Eleanor has been creating ceramic art since around age 13, with an 8-year hiatus during her advanced degree studies in another subject. She holds a degree of Bachelor of the Fine Arts with an emphasis in Ceramic Art from Arizona State University.
Both the natural world and the topsy-turvy world of surrealism draw Eleanor’s interest, as well as the contrasts of visual order and disorder. Much of her more representational work is based on real images, often of scenes or creatures which she has personally photographed.
She has a particular interest in the use of patterns and layered techniques including overglaze (“China Paint”) for decoration of the final form, which poses a fun yet technical challenge because these pieces must be decorated in layers, and each overglaze layer is fired in a kiln before the next can be applied. This can increase the total number of firings from the traditional two to any number needed (often a total of around 4 to 5 firings).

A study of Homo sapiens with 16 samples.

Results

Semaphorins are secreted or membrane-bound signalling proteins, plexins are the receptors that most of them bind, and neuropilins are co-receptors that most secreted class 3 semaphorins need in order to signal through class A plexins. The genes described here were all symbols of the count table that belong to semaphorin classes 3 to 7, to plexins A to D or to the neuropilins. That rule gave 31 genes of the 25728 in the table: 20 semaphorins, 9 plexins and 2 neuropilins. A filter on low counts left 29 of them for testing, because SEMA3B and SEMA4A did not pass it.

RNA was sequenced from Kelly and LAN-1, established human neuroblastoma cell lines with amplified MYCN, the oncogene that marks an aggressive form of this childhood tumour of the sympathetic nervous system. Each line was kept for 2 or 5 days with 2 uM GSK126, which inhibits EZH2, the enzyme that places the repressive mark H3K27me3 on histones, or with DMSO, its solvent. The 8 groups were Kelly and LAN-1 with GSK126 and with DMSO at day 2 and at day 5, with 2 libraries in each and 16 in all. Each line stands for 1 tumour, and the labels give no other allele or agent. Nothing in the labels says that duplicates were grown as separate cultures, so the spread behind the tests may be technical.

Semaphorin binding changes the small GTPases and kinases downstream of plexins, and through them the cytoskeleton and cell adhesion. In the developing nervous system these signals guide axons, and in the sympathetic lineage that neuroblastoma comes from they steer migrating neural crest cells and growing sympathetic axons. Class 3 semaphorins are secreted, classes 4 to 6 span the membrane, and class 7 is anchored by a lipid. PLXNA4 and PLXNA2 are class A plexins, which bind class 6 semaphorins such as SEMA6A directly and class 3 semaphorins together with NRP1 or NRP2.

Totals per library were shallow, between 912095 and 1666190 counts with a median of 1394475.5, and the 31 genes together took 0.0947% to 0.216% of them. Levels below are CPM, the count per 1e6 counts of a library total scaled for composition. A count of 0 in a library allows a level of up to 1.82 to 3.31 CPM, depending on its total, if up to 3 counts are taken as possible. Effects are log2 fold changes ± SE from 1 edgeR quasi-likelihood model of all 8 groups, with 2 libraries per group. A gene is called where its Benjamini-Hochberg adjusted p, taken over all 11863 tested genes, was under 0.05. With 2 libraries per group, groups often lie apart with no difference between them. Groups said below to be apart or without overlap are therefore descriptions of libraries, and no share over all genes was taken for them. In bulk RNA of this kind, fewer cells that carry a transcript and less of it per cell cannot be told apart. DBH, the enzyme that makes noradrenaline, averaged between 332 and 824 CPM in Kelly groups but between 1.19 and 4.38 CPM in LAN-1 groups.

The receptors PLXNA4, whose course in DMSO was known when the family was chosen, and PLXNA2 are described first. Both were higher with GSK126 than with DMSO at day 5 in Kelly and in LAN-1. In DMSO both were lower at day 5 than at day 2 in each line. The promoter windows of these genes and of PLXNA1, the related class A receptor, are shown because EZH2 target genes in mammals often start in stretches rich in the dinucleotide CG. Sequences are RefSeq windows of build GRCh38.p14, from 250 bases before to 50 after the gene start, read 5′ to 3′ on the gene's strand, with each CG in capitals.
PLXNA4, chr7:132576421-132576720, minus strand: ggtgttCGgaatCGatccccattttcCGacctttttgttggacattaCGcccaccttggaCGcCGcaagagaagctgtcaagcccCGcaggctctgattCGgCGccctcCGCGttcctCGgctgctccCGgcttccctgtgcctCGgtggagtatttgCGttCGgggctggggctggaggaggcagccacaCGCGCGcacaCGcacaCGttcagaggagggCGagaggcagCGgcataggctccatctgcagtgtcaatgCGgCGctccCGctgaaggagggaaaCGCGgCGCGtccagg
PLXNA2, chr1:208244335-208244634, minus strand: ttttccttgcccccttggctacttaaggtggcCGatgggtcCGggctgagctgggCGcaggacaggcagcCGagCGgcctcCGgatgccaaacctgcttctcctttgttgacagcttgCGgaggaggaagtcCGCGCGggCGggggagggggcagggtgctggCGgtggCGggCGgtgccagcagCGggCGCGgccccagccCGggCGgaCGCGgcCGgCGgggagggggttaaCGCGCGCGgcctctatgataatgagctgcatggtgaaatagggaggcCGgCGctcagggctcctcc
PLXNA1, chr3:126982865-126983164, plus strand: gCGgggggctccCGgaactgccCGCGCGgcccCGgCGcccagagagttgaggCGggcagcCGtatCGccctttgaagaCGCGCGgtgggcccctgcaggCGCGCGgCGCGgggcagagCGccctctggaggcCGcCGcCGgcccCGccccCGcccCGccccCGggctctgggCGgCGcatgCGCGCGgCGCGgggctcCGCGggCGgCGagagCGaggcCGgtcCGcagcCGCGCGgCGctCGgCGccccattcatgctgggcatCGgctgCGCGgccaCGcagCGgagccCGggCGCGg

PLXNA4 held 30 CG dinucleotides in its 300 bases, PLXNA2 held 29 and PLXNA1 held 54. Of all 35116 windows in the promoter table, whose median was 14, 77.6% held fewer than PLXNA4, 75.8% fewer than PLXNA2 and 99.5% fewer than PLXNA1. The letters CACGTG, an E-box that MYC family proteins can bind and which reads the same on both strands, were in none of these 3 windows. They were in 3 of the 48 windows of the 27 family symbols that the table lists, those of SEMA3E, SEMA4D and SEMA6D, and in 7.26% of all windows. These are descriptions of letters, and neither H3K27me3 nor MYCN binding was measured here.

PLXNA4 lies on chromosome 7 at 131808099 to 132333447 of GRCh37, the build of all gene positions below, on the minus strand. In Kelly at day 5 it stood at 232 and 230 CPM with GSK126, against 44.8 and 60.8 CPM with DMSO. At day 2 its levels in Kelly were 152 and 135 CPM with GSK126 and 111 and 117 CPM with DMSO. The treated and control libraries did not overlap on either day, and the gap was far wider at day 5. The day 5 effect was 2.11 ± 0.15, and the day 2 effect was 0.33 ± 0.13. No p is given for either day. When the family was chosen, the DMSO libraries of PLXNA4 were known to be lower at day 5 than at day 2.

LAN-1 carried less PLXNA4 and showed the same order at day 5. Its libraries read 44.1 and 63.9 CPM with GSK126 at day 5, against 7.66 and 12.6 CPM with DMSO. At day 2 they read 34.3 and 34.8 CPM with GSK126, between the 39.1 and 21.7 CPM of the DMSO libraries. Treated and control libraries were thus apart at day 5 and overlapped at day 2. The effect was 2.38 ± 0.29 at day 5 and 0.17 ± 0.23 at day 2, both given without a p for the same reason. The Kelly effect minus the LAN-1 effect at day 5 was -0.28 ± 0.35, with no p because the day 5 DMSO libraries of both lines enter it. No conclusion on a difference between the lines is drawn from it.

In order to have an appealing and practical surface to work with, Eleanor gravitates towards wheel-thrown vessels. In particular the urn form is used due to its broad surface. These urns are primarily decorative, but can actually be used as urns for cremains as well which is why internal volume is listed in descriptions. As a physician who works with persons in all stages of life and health Eleanor is sadly not a stranger to death and dying, and finds it therapeutic to make these vessels while bearing in mind the sort of persons who might be represented by them.
The urns may stand alone as pure decoration for enjoyment, but can also remind us of the gravity of our own fragility in this lovely life.